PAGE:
Kinect is Always Watching. Waiting.

This should come to no surprise to anyone in the wake of the Patriot Act–what is privacy? Insurance companies can look at your social network pictures and deny you coverage for, say, depression, because you have photos that seem to suggest you’re having “fun.” Plenty of places sell or acquire your information for marketing purposes, and then catalog it for other people to see on sites like Spokeo. Hell, even if you’re safe about your online information, you’re still being watched while you play games–developers like Bioware, for example, “watch” you play your games from afar (but if you want to secure your tinfoil hat a little better, you can disable them from doing so in the option menus of their games, I believe). Lionhead probably does too, judging from their choice to get rid of menus because of how most people did not use them (or something like that).

Still, it’s worth noting that if you’re planning on purchasing the Kinect, Microsoft can watch you. Some samples of the Terms of Service, courtesy of LazyGamer:

  • (Microsoft) expressly authorize and consent to us accessing or disclosing information about you, including the content of your communications, in order to: (a) comply with the law or respond to lawful requests or legal process; (b) protect the rights or property of Microsoft, our partners, or our customers, including the enforcement of our agreements or policies governing your use of the Service; or (c) act on a good faith belief that such access or disclosure is necessary to protect the personal safety of Microsoft employees, customers, or the public.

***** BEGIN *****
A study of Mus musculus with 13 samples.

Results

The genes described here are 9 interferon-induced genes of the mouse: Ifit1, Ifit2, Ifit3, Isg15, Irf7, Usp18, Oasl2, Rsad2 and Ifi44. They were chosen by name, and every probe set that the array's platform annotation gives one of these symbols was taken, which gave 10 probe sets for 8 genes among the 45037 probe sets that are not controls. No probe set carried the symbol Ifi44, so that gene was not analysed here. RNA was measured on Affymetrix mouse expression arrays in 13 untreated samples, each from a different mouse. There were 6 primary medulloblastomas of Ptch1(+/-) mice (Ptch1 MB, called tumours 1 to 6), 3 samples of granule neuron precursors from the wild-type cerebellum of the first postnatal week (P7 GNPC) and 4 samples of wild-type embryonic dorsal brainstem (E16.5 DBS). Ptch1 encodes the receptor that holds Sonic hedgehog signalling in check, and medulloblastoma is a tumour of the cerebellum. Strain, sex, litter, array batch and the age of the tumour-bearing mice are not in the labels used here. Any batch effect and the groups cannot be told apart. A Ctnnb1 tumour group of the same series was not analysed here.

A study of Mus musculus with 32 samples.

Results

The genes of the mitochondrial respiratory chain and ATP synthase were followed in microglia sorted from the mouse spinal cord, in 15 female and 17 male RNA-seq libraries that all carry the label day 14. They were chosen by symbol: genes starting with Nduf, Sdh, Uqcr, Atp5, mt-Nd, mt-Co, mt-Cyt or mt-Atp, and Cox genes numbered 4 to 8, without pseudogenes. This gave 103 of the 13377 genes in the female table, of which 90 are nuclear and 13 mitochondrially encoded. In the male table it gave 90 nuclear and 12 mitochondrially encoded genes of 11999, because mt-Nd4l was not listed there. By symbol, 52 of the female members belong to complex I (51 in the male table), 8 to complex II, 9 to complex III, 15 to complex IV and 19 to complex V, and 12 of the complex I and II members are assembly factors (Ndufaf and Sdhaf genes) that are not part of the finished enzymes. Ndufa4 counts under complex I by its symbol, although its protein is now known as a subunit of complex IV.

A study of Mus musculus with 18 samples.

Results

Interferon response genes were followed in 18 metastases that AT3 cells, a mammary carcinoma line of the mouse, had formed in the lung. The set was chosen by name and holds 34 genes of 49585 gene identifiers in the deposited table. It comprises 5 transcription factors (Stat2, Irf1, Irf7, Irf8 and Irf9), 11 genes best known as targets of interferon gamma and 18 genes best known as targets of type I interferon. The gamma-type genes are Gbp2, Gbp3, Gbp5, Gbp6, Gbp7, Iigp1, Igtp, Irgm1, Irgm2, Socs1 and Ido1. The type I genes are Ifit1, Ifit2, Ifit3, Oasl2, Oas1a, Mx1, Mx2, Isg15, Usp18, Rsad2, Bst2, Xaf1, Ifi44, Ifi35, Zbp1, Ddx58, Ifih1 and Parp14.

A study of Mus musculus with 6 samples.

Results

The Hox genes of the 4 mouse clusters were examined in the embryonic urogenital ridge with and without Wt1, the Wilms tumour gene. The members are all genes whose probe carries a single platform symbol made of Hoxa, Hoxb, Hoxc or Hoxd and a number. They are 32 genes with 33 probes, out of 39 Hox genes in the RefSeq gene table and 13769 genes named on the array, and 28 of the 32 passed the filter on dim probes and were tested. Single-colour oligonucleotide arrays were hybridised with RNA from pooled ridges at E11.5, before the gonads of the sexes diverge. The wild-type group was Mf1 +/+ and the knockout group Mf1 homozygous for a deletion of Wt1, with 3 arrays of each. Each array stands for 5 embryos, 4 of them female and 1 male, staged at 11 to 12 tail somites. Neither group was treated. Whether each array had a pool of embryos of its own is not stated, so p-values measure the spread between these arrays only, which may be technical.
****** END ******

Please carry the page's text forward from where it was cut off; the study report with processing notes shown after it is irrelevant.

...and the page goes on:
• You should not expect any level of privacy concerning your use of the live communication features (for example, voice chat, video and communications in live-hosted gameplay sessions) offered through the Service.
This should pose no problem to people who follow the law/have nothing to hide, but it’s still starling on principle, no? Then again I wouldn’t be surprised if similar ToS are already in effect of voice/video communications.


  1. David

    This shouldn’t be surprising at all. Microsoft is providing a service, with the expectation of privacy equivalent to Twitter. I can pull up anyone’s gamercard, profile, etc. If I’m talking through the mic, anyone “nearby” can hear me. The addition of a camera adds something, but MS is probably talking about augmented reality games.

    What did creep me out was Project Milo, because there user data and interaction was gathered real-time to “improve” the boy’s interactivity.